Open Lecture in Learning and Teaching

Open Lecture - Greenwich University
“Engagement through partnership: students as partners in learning and teaching in higher education”
Dr Abbi Flint, Higher Education Academy
Wednesday 19th November, 2014, 5-6pm, University of Greenwich, Stockwell Street

(A brief report by Dr Katya Aries, Learning Technology Advisor, CELT, UEL) 

I had the pleasure to attend the above lecture and to speak with other participants (colleagues from Greenwich University). The lecture was very enlightening and thought provoking towards a new framework for partnership with students in learning and teaching in the discourse of both the policy and practice of student engagement.

Dr Flint’s presentation explored the following key areas in the context of HE in the 21st Century:

  • Definitions and rationales for engagement through partnership;
  • A new conceptual model for exploring the different areas of learning and teaching where partnership may take place;
  • Examples for sustainable and strategic practices;
  • Tensions, opportunities and suggestions for the development of work in this area.

Abbi started her presentation with defining student partnership. It became apparent that the term partnership with students has often been interpreted and employed in different ways:

  • Students being engaged in their own learning;
  • Policies and practices to foster student academic and social engagement;
  • Engagement in quality and engagement in learning and teaching;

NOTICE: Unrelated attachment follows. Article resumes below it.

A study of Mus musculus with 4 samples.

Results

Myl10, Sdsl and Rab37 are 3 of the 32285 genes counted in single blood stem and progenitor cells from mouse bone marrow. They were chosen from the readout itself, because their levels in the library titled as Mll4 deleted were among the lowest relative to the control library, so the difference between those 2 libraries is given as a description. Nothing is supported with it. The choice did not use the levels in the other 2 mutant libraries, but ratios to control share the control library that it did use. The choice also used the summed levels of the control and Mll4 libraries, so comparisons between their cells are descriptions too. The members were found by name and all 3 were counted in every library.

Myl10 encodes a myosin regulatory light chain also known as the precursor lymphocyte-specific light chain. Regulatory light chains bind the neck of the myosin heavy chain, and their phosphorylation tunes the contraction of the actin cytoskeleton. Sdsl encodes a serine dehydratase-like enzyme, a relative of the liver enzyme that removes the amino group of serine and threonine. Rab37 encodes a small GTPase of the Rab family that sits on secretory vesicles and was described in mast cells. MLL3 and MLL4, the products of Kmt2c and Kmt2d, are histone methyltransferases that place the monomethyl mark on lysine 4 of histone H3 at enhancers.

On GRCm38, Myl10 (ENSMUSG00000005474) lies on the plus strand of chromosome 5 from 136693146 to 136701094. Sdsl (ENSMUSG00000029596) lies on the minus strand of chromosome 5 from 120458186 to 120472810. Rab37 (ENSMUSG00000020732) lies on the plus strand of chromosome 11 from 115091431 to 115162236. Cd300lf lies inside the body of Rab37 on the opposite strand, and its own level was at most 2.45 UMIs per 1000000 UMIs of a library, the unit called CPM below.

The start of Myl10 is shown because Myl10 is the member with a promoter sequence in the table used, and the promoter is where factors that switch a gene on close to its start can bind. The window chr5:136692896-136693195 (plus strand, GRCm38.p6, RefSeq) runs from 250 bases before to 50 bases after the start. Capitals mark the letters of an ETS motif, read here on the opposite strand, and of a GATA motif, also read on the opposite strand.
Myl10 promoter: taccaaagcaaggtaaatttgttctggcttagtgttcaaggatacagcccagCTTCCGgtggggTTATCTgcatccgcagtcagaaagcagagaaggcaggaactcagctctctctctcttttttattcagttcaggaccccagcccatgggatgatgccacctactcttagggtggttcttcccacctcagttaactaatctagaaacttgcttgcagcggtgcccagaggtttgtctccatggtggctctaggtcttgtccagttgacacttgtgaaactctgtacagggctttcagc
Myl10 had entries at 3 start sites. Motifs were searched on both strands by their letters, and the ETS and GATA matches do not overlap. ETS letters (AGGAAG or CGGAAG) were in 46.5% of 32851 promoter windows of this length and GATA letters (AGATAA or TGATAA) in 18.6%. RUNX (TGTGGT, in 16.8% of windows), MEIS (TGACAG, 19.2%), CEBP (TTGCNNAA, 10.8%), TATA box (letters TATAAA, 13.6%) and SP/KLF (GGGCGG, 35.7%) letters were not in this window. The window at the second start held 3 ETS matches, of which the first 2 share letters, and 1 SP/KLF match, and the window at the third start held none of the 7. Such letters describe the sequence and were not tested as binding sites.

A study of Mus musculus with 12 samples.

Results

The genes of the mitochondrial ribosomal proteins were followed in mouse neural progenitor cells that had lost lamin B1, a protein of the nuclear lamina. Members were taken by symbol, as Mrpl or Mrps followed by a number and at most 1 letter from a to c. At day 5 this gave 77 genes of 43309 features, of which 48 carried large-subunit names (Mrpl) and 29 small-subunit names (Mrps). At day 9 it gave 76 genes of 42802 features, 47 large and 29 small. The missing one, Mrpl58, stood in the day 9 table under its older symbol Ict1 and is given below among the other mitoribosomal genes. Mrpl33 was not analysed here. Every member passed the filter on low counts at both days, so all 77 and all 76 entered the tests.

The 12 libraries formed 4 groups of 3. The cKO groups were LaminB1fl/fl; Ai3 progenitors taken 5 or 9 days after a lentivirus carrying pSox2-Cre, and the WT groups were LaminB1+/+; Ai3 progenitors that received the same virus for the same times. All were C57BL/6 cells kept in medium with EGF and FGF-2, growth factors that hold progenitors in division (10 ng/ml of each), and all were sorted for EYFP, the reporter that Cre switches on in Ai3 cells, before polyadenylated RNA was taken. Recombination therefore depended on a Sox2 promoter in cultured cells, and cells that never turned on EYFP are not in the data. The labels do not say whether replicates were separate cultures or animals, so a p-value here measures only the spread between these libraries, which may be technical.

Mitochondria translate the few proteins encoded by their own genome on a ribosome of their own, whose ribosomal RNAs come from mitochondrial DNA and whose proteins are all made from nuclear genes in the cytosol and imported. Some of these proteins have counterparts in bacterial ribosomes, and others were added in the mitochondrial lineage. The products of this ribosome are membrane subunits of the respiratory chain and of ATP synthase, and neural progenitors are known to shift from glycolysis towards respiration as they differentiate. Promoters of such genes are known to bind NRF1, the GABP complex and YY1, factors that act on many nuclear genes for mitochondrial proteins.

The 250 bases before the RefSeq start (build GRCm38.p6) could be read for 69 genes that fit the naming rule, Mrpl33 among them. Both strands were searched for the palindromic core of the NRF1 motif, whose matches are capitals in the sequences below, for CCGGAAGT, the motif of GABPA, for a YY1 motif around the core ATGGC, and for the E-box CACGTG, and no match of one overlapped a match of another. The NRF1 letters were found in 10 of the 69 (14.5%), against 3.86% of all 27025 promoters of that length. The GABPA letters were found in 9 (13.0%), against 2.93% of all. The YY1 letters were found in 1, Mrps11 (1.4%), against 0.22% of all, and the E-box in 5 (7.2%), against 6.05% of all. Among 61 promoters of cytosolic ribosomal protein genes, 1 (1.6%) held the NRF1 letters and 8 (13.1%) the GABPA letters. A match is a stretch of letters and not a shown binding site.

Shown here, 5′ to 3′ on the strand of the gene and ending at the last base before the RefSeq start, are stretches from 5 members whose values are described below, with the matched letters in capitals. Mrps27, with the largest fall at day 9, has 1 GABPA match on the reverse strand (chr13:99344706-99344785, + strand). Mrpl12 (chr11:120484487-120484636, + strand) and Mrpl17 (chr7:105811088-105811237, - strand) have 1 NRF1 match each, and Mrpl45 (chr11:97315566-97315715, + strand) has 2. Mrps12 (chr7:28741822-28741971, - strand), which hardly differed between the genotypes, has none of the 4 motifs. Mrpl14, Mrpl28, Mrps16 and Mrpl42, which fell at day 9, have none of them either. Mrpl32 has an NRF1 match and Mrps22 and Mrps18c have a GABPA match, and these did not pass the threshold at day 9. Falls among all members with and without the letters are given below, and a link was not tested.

• Representation structures involving students in decision making.

Dr Flint suggested that technology could enhance all these areas of development. Furthermore, a consideration was given to the rationales for students as partners:

  • To empower students to take responsibility for their learning;
  • As a way of developing a sense of belonging, and making HE more accessible and inclusive;
  • As an ethical responsibility to students and staff;
  • To align with personal teaching philosophy;
  • To challenge and resist consumerist models of higher education, and offer a constructive alternative;
  • To re-invent the university;
  • To align with purpose and values of higher education;
  • As a meaningful way of engaging with the measurement agenda;
  • To align with policy directives.

Abbi has also outlined the main areas of tensions and opportunities:

  • Inclusivity and scale;
  • Blurring of identities;
  • Terms of engagements;
  • Power relationships;
  • Sustainability.

The next presentation focus was on specific HE practices in developing partnership with students. For example, Dr Flint has made references to flipping the classroom as one of the approaches for developing effective partnership with students. Having started to work on the Flipped Classroom/Panopto Project with Peter D’Sena (Academic Developer at CELT), I am particularly interested in case studies in the context of flipping teaching. I am willing to contribute to researching and promoting models of flipped classroom approaches in the context of developing partnership with students and student civic engagement.

Abbi has also presented a visual conceptual model for developing partnership with students. A comprehensive description of this model can be found at: (pp. 22-25). Further information about HEA research in related areas is available at:

I have found the lecture and the conversations that I had with a few colleagues very enlightening in terms of my understanding of diverse approaches for developing a partnership with students. I hope that this report and the enclosed links to additional resources will be informative for relevant areas of our collaborative work.